The decision marks the second time in three years that Washington College officials have moved the event, which was a staple of commencement on the school's Chestertown campus for the competition's first 43 years.
The event was so successful in New York the past two years that chapters of the college's alumni association around the country put in bids to host future announcements, Washington College President Mitchell Reiss said. The chairwoman of the panel that selects the winner said the new destination is apt.
"Being in Baltimore just makes sense on so many levels," said Kathryn Moncrief, chair of the college's English department as well as the Sophie Kerr Committee. "It's such a literary city, with a rich tradition of great writers, from Poe to Mencken to today's talents — Taylor Branch, Anne Tyler, David Simon, Barry Levinson [and] Madison Smartt Bell."
Given each spring to a Washington College senior who shows outstanding literary merit, the award — worth $61,190 this year — will be presented at the central Enoch Pratt Free Library on May 14.
Reiss and the faculty decided in 2011 to choose five finalists rather than simply have one winner announced, and to hold the ceremony in Manhattan so the young writers would have an opportunity to meet leaders in the publishing field.
Over the decades, Reiss said, the drama and tension surrounding the announcement grew so intense that it began to overwhelm the pleasures of graduation.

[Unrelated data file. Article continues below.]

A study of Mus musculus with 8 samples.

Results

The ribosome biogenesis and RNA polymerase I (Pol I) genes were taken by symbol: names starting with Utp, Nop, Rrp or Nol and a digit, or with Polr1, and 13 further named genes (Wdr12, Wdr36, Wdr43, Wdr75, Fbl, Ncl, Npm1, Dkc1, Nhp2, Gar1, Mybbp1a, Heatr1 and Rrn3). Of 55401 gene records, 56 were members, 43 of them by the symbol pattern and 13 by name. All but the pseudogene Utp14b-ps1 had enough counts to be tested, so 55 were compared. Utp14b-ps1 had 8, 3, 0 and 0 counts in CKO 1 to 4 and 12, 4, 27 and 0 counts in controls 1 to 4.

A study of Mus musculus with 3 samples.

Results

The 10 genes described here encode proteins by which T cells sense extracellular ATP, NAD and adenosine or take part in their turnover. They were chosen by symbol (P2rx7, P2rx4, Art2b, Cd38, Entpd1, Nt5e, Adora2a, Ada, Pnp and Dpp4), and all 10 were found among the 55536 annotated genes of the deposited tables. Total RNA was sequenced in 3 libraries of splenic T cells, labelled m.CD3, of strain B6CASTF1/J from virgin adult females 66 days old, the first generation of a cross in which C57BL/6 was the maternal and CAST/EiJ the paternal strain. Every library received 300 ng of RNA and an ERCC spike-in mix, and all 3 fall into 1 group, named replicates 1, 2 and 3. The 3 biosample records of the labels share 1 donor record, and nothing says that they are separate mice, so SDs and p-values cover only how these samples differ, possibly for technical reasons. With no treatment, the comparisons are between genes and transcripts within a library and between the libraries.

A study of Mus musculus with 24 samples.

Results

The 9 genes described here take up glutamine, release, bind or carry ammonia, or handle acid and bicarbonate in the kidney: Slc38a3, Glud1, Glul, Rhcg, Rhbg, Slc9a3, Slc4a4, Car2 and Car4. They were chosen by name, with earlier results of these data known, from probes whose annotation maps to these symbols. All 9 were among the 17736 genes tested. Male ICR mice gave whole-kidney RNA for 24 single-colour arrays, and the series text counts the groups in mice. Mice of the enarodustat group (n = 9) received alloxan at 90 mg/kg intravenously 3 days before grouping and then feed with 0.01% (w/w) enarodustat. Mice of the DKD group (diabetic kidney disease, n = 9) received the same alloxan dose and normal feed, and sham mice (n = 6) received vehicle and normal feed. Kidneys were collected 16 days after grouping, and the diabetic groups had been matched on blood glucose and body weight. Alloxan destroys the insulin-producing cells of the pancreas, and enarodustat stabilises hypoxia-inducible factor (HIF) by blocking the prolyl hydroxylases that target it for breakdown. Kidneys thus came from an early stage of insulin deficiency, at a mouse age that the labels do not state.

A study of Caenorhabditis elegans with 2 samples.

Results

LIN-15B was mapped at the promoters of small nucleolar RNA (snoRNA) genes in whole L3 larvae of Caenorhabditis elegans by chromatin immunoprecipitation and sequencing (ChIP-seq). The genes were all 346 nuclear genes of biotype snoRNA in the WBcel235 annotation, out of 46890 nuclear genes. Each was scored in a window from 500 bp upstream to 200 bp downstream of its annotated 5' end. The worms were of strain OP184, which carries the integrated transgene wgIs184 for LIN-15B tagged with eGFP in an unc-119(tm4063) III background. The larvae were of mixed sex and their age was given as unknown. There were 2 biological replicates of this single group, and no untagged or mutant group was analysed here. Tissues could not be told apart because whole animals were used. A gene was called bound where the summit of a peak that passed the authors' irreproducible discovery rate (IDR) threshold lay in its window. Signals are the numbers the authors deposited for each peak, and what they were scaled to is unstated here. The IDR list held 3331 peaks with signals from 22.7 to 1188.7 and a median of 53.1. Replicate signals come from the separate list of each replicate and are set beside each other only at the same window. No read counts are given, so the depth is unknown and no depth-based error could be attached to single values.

In each of the past two years, finalists read from their submitted work, award-winning authors spoke, the event was streamed live on the Internet, and the young writers talked about their craft with New York high school students.
The formula worked so well that the move to Baltimore caught some by surprise.
Trish McGee, an editor with the Chestertown-based Kent County News, said the change has left her flabbergasted.
"I resisted the idea of the move to New York at first, but I finally got their thinking," said McGee, a 1981 graduate of the college who has covered more than 20 Kerr competitions. "They wanted to bring the [writers] close to the literary lights of Manhattan. Fine, but then to move it from the Big Apple to gritty Baltimore? I'm not sure how that will to sit with the winners."
Still, McGee said it would be more affordable for the finalists and others to make the event, and that she'd probably attend herself this year after missing the last two.
Leaders of the Baltimore alumni chapter offered the most attractive bid, Reiss said, including the financial backing from several anonymous alumni to host the event.
Pratt CEO Carla Hayden, who served four years on the college's board of visitors and governors, offered the 130-year-old central library on Cathedral Street as a venue.
"We are excited to work with area alumni to bring the Sophie Kerr excitement to Baltimore," she said. "I like the idea of showcasing young talent and sharing the impact of the prize with the public."
Michael Dirda, a Washington Post book critic, will announce the winner at the event, which is free and open to the public.
The award was established by a posthumous gift from Sophie Kerr, a prolific author who grew up in Denton, about 30 miles from the college.
Kerr wrote 23 novels and hundreds of stories during the first half of the 20th century, many about plucky heroines in search of fame and fortune. Upon her death in 1965, the author left the college $500,000.
Drawn from the earnings of that bequest, the prize is given annually to the senior whose work the committee finds most promising. Contestants may submit fiction, poetry, critical writing, screenplays and other forms of writing.
The Sophie Kerr Endowment, which also supports scholarships and a lecture series at the school, has awarded nearly $1.5 million in prize money over the years.